Video Transcript

NORAH O'DONNELL: CBS's Nancy Cordes. And Nancy, those impeachment managers branded the former President as a clear and present danger to American democracy. I guess the question is, did they make their case and were they able to convince 17 Republican senators?

NANCY CORDES: Norah, I think it was enough to convince some of them, but based on what we're hearing from Republicans after this trial broke up for the day, 17 is going to be pretty difficult. Marco Rubio of Florida said, "Impeachment is inappropriate because President Trump is a private citizen now." Roy Blunt of Missouri said that his view is unchanged.

John Cornyn of Texas told reporters, "I have concerns about impeaching a former office holder." These are the kinds of Republicans who would need to be on board in order to get a 2/3 vote to convict. That's a vote that would be highly unpopular with their base, and at this point at least, it appears they're leaning against it, Norah.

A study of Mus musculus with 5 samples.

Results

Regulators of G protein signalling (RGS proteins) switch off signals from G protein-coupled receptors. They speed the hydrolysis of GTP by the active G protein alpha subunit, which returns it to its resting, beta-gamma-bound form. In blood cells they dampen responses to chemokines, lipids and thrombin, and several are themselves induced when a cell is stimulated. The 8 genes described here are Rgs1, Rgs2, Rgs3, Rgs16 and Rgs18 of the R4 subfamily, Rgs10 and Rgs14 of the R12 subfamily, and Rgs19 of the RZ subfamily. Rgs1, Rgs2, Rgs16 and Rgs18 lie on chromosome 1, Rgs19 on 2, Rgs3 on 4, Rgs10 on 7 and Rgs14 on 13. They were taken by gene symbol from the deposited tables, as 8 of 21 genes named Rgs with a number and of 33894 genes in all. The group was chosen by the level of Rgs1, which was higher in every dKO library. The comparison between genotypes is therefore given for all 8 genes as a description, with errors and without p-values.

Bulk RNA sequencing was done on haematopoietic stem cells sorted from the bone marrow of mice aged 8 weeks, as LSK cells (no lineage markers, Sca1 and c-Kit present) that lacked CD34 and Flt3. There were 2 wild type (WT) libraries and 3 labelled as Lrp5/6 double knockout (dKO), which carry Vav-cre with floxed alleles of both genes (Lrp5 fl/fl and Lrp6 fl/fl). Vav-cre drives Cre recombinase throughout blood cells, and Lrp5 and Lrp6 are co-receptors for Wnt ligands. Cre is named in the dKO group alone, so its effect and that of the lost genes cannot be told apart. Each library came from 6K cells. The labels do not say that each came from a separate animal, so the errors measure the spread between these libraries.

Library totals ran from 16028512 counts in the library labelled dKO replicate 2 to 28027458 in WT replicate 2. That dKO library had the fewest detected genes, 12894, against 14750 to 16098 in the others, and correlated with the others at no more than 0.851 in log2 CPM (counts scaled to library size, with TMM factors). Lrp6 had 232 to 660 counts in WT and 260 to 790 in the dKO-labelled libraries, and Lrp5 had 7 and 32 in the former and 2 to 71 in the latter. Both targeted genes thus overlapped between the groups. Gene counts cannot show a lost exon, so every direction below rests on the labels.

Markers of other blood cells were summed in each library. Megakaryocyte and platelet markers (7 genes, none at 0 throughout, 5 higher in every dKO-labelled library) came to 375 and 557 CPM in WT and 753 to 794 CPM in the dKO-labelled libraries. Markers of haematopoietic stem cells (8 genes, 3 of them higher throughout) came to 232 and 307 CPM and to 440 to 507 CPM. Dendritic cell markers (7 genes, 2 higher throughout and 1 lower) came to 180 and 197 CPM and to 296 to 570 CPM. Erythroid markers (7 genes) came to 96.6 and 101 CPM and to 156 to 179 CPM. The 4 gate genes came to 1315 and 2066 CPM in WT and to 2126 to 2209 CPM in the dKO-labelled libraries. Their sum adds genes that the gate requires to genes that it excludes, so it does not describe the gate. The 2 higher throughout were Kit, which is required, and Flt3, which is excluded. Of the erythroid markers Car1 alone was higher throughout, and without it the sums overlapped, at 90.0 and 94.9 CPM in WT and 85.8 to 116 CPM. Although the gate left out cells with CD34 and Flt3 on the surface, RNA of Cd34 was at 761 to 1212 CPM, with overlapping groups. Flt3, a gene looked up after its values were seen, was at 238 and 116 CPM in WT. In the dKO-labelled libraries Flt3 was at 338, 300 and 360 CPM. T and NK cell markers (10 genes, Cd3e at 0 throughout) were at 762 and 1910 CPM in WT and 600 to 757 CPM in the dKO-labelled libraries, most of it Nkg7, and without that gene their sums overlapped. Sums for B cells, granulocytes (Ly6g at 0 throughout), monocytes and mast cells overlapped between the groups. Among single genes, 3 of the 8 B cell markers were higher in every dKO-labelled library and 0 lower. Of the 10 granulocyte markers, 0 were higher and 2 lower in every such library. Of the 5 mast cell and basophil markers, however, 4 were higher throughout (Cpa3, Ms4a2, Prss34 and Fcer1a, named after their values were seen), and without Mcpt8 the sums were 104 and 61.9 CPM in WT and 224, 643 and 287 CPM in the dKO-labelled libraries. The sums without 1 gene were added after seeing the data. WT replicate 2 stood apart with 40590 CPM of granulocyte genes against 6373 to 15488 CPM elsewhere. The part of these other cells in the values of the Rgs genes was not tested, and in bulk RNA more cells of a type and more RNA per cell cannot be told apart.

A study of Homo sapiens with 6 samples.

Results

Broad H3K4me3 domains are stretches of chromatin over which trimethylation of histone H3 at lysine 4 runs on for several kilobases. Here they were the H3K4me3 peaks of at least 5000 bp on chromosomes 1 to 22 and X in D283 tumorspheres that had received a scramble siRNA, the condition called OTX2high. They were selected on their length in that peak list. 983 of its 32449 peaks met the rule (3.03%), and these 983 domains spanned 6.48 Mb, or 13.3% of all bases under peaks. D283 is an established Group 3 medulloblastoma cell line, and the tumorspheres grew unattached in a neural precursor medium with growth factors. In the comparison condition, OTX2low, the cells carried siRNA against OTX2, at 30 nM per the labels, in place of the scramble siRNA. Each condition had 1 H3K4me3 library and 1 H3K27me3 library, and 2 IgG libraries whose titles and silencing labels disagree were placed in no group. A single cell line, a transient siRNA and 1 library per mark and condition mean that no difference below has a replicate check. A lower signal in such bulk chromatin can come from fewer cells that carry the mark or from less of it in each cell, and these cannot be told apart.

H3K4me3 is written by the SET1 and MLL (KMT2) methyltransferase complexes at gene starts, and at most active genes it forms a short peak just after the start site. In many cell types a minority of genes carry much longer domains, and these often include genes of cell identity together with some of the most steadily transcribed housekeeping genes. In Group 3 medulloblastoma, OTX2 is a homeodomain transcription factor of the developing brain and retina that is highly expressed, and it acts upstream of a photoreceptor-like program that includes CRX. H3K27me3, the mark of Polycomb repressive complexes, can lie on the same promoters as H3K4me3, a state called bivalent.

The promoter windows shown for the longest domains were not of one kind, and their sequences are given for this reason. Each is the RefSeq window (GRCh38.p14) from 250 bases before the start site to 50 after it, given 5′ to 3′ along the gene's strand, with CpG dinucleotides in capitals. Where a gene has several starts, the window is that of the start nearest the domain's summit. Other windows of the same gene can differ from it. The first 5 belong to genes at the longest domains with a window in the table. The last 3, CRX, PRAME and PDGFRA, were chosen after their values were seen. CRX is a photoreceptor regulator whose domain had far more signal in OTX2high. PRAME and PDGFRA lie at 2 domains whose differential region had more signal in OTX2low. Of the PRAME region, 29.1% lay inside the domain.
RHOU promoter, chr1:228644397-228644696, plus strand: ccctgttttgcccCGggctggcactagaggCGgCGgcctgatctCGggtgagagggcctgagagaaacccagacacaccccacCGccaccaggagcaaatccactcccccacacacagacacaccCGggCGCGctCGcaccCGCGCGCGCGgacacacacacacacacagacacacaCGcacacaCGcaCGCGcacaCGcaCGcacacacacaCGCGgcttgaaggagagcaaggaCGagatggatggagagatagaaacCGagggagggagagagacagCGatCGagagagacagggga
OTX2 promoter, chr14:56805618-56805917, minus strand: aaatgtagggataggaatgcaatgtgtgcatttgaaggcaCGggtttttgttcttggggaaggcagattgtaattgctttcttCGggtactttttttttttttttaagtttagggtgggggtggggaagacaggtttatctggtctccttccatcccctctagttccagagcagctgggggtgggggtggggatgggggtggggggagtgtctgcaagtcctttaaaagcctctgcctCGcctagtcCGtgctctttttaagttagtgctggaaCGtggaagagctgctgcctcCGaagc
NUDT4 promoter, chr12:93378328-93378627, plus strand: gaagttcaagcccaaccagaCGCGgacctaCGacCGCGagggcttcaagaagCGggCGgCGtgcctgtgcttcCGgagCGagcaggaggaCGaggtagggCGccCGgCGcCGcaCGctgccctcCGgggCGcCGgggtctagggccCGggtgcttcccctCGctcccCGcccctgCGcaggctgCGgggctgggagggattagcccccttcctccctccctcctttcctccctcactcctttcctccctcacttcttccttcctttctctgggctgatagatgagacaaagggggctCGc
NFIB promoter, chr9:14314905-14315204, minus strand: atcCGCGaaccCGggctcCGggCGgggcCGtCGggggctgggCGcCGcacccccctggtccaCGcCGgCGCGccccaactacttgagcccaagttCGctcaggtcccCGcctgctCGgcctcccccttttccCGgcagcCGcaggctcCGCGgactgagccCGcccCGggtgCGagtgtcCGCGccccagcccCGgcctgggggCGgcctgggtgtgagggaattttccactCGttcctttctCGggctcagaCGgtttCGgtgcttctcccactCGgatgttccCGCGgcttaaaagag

NORAH O'DONNELL: And looking ahead to tomorrow, the President's legal team making their case to acquit the former President, what can we expect from them?

NANCY CORDES: They're going to argue that the President did explicitly at one point tell that crowd on January 6th to be peaceful. They say that's being overlooked. They're also going to argue that the other words he used, like fight, have been used by plenty of Democratic luminaries in the past, including the current Vice President. So, they'll play video of that. They're going to argue that this process has been rushed and unfair to Mr. Trump, while at the same time, they're going to argue it's too late to impeach him because he's now out of office.

NORAH O'DONNELL: Nancy Cordes, thank you.